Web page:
Come with us to Herculaneum: here’s what to see in the archaeological park, including houses, mosaics, theaters, and ships burned in an attempt to escape the eruption.

Its notoriety is sometimes overshadowed by far more famous Pompeii, but this does not make Herculaneum any less fascinating: this ancient town, nestled on the slopes of Mount Vesuvius, certainly ranks among Italy’s most beautiful archaeological sites, and it is ready to captivate you with the tale of its tragic history. Here, then, are the gems not to be missed on your visit: below we explain what to see in the Herculaneum archaeological park!

Herculaneum: a bit of history…

In 79 AD, an extremely violent eruption of Mt. Vesuvius buried Herculaneum under a blanket of ash and mud. It was not until the 18th century that some excavations accidentally unearthed some artifacts, revealing the existence of a hidden treasure: marbles, bronzes, buildings, and objects that time had hidden and now resurfaced to the world. Compared to the archaeological excavations of Pompeii, those of Herculaneum have fewer human remains (a sign that much of the local population had time to take refuge elsewhere), but they do contain a wide variety of incredibly well-preserved buildings, statues, and artifacts.

Ercolano cosa vedere credits Guillermo Torres via flickr

© Guillermo Torres via flickr

The Herculaneum Archaeological Park: practical info

The Archaeological Park is open from April to October, from 8.30 am to 7.30 pm (last entry at 6 pm), and in the remaining months from 8.30 am to 5 pm (last entry at 3.30 pm). It is closed only on Christmas and New Year’s Day. The full single ticket costs €13, but there are discounts for various categories, and, in particular, a preferential admission charge of only €2 for young people aged 18 to 24 (while children enter free). Entrance to the Ancient Theater is charged separately and costs €10.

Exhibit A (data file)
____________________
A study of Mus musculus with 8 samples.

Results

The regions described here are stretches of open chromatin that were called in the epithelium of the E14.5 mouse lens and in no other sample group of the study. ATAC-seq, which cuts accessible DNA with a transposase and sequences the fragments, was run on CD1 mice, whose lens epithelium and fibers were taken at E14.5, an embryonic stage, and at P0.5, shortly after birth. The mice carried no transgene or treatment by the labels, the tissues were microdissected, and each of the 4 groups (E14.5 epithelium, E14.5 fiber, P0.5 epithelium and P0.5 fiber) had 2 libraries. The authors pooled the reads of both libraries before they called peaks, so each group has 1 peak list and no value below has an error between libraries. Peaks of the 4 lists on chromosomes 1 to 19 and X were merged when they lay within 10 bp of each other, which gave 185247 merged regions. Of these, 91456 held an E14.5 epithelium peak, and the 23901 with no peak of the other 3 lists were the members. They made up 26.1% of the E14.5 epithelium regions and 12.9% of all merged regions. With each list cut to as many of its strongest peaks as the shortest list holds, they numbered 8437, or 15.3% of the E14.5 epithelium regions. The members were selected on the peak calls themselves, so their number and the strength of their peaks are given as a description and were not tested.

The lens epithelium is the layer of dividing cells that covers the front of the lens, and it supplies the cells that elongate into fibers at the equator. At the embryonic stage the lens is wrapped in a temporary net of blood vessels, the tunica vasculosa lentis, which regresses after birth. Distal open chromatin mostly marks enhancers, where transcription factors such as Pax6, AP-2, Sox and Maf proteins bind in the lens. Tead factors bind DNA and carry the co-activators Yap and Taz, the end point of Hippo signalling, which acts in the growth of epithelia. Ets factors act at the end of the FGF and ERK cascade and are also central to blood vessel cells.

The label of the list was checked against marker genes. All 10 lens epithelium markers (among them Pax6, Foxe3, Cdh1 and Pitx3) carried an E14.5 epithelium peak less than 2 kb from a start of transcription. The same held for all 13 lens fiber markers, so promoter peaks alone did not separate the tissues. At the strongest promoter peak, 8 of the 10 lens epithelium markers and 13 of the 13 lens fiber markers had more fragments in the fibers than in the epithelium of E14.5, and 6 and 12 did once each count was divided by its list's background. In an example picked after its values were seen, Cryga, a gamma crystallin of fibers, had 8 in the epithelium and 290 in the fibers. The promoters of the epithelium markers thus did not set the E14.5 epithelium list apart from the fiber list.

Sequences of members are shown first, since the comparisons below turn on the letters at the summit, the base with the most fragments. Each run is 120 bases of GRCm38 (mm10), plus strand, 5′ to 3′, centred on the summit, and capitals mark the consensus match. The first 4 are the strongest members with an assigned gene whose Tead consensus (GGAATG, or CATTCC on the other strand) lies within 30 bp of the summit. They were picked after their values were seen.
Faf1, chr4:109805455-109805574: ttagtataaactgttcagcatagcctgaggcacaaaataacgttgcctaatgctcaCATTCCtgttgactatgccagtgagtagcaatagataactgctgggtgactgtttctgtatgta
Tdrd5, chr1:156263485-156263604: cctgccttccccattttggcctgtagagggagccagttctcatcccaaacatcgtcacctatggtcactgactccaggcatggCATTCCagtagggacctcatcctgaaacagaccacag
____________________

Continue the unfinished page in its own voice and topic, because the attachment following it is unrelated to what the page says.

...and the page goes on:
What to see on the site? Below are some of the main points of interest:


To see: The Skeleton House

This typical Roman house with mosaic floors, corridors, a cave, and a triclinium, owes its name to the fact that the remains of a human body were found inside.

The remains of the Baths of Herculaneum

Divided into sections for men and women, the bath house features frescoes, marbles, and graffiti depicting the scenes that took place in the structure.

Ercolano cosa vedere terme

© Helena via flickr

What to see in Herculaneum: the House of the Atrium in Mosaic

Another mansion of the period is notable for its flooring with geometric designs and stylized flowers but also for the presence of a fountain and a colonnade.

House of Neptune and Amphitrite in Herculaneum

Owned by a wealthy merchant of the time, this house is famous for the splendid colorful mosaic depicting the two mythological characters enclosed in a frame made of shells: the work adorns a wall of the summer triclinium.

The Herculaneum Archaeological excavations: the House of the high relief of Thelephus

A high relief is a sculptural work in which the carved figures are noticeably detached from the background plane: in this dwelling, one of the largest in Herculaneum, excavations yielded a highly prized example depicting the myth of Thelephus.

Things to see in Herculaneum: the Ancient Theatre

This is a wonderful example of a Roman theater, which could seat up to 3,000 spectators on its ten rows of tiers. The route to visit it is underground: with helmets and flashlights, you can also admire many artifacts left on the site by visitors in past centuries. After the discovery, the theater had several uses and was also used as an air raid shelter.

What to see in Herculaneum: the burnt boat

And we conclude with the most recent find, outside the city center: a charred ship with some skeletons and an abundance of coins. Historians think it represents a last desperate attempt to escape the eruption as it unfolded.